ISLAMABAD — Pakistan and India will soon hold their first official talks since the Mumbai attacks, Islamabad announced on Friday, in a move seen as a significant bid to ease regional tensions.
"It was decided that foreign secretary level talks between the two countries would be held on February 25 in New Delhi," the Pakistani government announced.
There was no immediate confirmation of the talks from New Delhi, which last week initiated hopes of a thaw in relations since the 2008 Mumbai attacks by proposing talks between the countries' top foreign ministry officials.
Tensions between the nuclear rivals, which have fought three wars since British partition of the sub-continent in 1947, have fanned instability on their border, in the divided Himalayan territory of Kashmir and in Afghanistan.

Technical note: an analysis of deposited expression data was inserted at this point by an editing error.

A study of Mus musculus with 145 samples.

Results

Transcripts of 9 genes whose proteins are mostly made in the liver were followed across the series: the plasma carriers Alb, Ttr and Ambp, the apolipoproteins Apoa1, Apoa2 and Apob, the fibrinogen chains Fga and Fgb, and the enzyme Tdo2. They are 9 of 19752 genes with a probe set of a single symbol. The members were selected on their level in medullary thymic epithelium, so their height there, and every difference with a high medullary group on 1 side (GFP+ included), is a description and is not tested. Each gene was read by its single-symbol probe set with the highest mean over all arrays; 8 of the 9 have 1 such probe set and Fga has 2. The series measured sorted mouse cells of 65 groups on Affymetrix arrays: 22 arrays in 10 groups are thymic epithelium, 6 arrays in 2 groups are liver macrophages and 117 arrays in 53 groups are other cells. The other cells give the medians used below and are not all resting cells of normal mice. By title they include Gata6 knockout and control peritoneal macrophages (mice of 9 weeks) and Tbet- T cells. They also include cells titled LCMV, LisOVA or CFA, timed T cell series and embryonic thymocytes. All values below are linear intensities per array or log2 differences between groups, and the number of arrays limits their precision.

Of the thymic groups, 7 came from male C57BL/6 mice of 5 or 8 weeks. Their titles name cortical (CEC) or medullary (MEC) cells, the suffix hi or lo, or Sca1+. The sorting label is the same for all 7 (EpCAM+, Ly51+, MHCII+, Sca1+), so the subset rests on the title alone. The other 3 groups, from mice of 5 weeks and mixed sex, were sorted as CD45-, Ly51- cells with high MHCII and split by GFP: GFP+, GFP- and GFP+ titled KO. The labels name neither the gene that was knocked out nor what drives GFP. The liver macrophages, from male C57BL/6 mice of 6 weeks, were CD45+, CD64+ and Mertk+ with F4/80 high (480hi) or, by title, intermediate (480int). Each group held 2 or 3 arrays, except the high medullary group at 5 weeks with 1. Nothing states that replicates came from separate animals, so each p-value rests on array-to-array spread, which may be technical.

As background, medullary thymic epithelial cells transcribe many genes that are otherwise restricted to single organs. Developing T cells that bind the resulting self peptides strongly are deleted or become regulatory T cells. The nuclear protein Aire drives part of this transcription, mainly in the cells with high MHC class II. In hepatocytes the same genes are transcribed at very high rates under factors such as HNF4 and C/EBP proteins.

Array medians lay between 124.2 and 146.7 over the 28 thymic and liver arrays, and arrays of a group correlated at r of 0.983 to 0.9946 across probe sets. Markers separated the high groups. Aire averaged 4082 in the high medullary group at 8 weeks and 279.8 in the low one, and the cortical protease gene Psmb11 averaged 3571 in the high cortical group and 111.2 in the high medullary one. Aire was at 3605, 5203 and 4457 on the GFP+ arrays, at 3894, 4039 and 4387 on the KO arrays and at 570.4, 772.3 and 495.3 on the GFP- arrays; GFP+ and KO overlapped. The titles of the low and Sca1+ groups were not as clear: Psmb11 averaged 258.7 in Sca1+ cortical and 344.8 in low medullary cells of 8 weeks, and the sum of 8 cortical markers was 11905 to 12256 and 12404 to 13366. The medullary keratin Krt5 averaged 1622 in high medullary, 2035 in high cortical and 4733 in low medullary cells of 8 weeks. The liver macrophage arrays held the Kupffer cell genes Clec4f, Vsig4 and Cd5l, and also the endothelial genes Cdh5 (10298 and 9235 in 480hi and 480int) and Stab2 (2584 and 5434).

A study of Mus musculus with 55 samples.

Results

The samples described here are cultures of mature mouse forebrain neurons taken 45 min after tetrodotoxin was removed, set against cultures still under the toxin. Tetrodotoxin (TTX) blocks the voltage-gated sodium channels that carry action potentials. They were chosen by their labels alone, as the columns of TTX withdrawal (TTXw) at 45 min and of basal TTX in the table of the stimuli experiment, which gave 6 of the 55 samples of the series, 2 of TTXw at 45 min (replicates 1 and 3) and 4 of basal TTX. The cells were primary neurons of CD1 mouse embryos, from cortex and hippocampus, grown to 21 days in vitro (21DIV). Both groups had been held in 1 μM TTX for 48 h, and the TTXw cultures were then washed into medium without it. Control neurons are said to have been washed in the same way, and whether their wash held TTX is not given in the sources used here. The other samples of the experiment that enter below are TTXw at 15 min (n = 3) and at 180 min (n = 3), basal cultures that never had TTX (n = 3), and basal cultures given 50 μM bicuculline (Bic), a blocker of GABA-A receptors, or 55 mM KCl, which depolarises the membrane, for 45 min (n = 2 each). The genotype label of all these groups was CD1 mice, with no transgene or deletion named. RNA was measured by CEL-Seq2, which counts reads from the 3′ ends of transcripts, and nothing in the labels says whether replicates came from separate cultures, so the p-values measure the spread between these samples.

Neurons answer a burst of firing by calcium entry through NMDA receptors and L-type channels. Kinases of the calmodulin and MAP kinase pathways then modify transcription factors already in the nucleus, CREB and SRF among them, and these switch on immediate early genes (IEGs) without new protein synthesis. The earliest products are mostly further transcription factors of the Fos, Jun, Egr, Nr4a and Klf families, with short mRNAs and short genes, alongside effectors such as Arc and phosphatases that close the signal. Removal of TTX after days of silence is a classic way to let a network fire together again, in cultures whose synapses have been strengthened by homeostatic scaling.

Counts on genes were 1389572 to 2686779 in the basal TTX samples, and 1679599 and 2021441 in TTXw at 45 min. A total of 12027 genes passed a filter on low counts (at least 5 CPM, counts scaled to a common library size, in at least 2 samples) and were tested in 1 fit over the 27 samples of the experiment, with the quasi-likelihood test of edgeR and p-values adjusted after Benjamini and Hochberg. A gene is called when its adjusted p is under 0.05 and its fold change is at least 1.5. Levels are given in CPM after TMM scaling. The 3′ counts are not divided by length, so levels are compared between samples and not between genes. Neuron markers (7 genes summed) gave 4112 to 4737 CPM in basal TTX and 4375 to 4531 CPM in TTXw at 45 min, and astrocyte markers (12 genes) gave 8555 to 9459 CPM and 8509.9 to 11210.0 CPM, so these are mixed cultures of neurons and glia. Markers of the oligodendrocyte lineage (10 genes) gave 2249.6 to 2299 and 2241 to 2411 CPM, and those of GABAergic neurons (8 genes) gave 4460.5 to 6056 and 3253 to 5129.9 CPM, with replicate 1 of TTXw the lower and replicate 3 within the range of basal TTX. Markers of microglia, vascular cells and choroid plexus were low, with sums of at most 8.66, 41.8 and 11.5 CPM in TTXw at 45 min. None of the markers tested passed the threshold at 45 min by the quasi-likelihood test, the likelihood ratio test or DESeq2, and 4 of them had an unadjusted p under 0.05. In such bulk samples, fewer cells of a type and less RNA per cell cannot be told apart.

The move towards direct talks has been seen as a result of pressure from the United States, which is keen to keep South Asia trouble-free while deploying tens of thousands more troops into battle against the Taliban in Afghanistan.
US national security adviser James Jones was in Pakistan again on Friday for talks with government and military leaders on regional security.
Pakistan said its side "should raise all the core issues and impress upon India the need for the expeditious resolution through resumption of Composite Dialogue" -- a reference to Islamabad's desire for fully fledged peace talks.
"The prime minister directed the foreign secretary, who was also present in the meeting, that his talks with his Indian counterpart should be result oriented and meaningful," the prime minister's office said.